This is how I recommend that students structure their home music practise. I encourage you to schedule daily practise to ensure that it gets done. Please record the practise time in the Student Portal once it has been completed.
If I have assigned some theory worksheets, then getting them out of the way early on means they won’t be forgotten!
2. Warm Up
All technical work (warm ups, scales, arpeggios and other exercises) assigned / required for their level.
Go through all assigned pieces and work on areas that need extra attention. Simply playing a song through from beginning to end over and over does NOT fix problem areas! Nor does stopping at the problem spot and starting over fix a problem. It just makes you even better at the beginning of the song.
To fix areas that need improvement (which will typically be marked on the piece and mentioned in the lesson notes):
- Isolate the particular problem area, e.g. play the single bar or phrase hands separately.
- When the bar can be played correctly hands separately, bring the hands together.
- If the problem has been solved, play it through a few more times, then move on.
- If not, return to playing hands separately a few more times before trying together again.
- When the bar can be played, move on to a bigger unit, such as the phrase it belongs to.
- If the whole phrase can be played correctly, play it through a few more times for good luck, then move on.
- If not, return to playing the single bar hands together a few more times before trying the whole phrase again.
- Continue moving up to bigger and bigger sections of the song that contain the problem area.
- Finally, play the whole song from beginning to end.
Take advantage of technology!
Many lesson books come with CDs that allow you to listen to how the song should be played. Please make use of these!
I am increasingly making use of beginner series that offer technology to practise along with at home that can be slowed down and sped up as progress is made, such as books available in Piano Maestro, or for those without an iPad the Bastien New Traditions series has software that can be downloaded onto a computer. If a student can’t remember what they learned that week, at the very least they can listen to and try to play along with the songs (so they can hear when what they are playing doesn’t match with the recording). Piano Maestro will help prompt them with what the correct note should be if they use the Learn mode (best option) or try the song with the Hold on.
For exam pieces, YouTube recordings likewise exist that show how the song should be played (I recommend those by Alan Chan). I will often show these to students during the lesson, and may put links in the lesson notes for them to watch again at home. Listening again to these recordings at home or watching the videos is very important to help the student understand what they are aiming for. When they can play along with the recording, they have mastered the main parts of the song in terms of correct notes, rhythm and speed (there may also be elements of dynamics, phrasing, touch, pedal use etc to be addressed..)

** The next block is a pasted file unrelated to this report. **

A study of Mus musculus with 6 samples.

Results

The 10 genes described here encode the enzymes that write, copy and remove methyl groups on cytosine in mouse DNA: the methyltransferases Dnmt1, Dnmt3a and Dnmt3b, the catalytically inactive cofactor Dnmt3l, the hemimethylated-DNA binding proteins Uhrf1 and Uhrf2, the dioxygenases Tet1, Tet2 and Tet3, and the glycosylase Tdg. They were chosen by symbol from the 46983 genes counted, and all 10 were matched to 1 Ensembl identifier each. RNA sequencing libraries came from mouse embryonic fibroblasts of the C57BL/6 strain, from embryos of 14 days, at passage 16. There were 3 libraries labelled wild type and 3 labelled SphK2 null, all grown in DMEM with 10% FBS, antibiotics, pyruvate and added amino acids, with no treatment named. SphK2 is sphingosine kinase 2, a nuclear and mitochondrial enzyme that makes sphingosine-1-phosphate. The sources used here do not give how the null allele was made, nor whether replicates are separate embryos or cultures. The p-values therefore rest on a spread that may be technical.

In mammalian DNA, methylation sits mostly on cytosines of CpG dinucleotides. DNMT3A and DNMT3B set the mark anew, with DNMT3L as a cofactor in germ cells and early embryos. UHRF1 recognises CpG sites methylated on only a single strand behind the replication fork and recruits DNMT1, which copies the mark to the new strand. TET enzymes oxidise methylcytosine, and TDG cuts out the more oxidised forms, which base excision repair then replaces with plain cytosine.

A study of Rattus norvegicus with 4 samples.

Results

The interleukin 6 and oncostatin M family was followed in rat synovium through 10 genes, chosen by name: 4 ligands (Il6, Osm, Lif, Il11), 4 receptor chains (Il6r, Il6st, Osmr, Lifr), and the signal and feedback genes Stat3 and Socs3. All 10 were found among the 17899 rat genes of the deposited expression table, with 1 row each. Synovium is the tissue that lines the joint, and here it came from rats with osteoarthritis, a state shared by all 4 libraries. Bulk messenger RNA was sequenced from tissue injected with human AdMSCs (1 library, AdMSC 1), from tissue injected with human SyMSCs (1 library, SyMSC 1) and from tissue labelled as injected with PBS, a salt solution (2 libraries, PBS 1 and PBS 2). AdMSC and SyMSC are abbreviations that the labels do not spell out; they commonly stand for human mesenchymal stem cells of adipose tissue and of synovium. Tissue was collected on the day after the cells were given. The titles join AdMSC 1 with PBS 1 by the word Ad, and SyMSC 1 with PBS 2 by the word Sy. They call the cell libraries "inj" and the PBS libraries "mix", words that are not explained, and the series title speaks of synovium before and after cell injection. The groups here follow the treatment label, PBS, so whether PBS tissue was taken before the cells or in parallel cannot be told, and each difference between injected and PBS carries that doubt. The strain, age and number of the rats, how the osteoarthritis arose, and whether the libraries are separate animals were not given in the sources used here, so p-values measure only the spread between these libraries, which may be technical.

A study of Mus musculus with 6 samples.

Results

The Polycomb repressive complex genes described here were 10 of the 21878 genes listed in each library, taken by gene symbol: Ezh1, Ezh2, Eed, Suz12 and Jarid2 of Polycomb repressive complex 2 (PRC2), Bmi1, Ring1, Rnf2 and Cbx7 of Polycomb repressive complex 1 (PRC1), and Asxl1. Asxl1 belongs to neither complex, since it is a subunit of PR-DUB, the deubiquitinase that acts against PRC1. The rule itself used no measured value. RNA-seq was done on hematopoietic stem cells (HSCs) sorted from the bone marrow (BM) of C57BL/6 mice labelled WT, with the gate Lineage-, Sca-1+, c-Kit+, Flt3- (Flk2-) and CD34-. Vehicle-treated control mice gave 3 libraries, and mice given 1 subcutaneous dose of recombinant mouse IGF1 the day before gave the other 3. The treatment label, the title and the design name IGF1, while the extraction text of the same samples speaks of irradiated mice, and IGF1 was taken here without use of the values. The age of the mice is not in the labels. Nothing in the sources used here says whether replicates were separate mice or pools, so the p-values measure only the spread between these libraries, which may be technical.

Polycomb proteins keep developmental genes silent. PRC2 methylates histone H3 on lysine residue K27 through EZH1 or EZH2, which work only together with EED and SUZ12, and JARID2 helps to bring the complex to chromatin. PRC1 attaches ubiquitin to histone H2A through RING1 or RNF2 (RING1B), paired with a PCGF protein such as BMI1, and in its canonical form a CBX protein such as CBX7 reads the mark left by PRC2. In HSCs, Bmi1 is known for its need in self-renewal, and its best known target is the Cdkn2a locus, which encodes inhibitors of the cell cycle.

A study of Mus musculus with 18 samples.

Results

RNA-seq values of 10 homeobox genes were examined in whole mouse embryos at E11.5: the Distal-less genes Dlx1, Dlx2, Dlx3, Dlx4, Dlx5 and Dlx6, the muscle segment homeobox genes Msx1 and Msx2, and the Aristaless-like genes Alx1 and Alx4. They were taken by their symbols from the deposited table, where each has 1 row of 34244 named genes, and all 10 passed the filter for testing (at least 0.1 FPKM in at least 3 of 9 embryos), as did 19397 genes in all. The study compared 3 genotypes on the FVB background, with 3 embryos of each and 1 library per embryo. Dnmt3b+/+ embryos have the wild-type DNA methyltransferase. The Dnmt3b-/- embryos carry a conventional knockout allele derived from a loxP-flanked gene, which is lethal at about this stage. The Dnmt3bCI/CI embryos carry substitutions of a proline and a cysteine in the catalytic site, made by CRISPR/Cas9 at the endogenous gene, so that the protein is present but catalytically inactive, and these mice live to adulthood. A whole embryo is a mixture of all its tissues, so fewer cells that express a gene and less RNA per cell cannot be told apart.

4. Aural practise
For students preparing for exams which have aural components, aural practice will be required. For students in Grades 1 and higher with access to an iPad, this can be done using the free “AMEB Aural Book” app.
I will usually provide notes on other ways to practise for aural tests at home.
5. Piano Maestro free play / Free play of other songs
I try to find out from students what types of songs they like and am happy to source additional songs for them to play for fun. If you use Piano Maestro, please do let your child spend some time exploring the plethora of songs available there – it is great sight reading practise, and there is a wide range of songs to suit all interests and levels, even to quite advanced levels!
I encourage you to also source music for them, by going to a music store and purchasing a book or sheet music, or you can purchase individual songs online from music publishers (G Major Music Theory offers some free piano sheet music for beginners through to intermediate level). I can either recommend what “level” of book they would need to look for (“Easy” piano does not apply to beginners, but to students who have passed several exams!), or else take your lesson book with you and the staff can assist with pointing you to the relevant section. After all, the whole point of learning to play is enjoying music!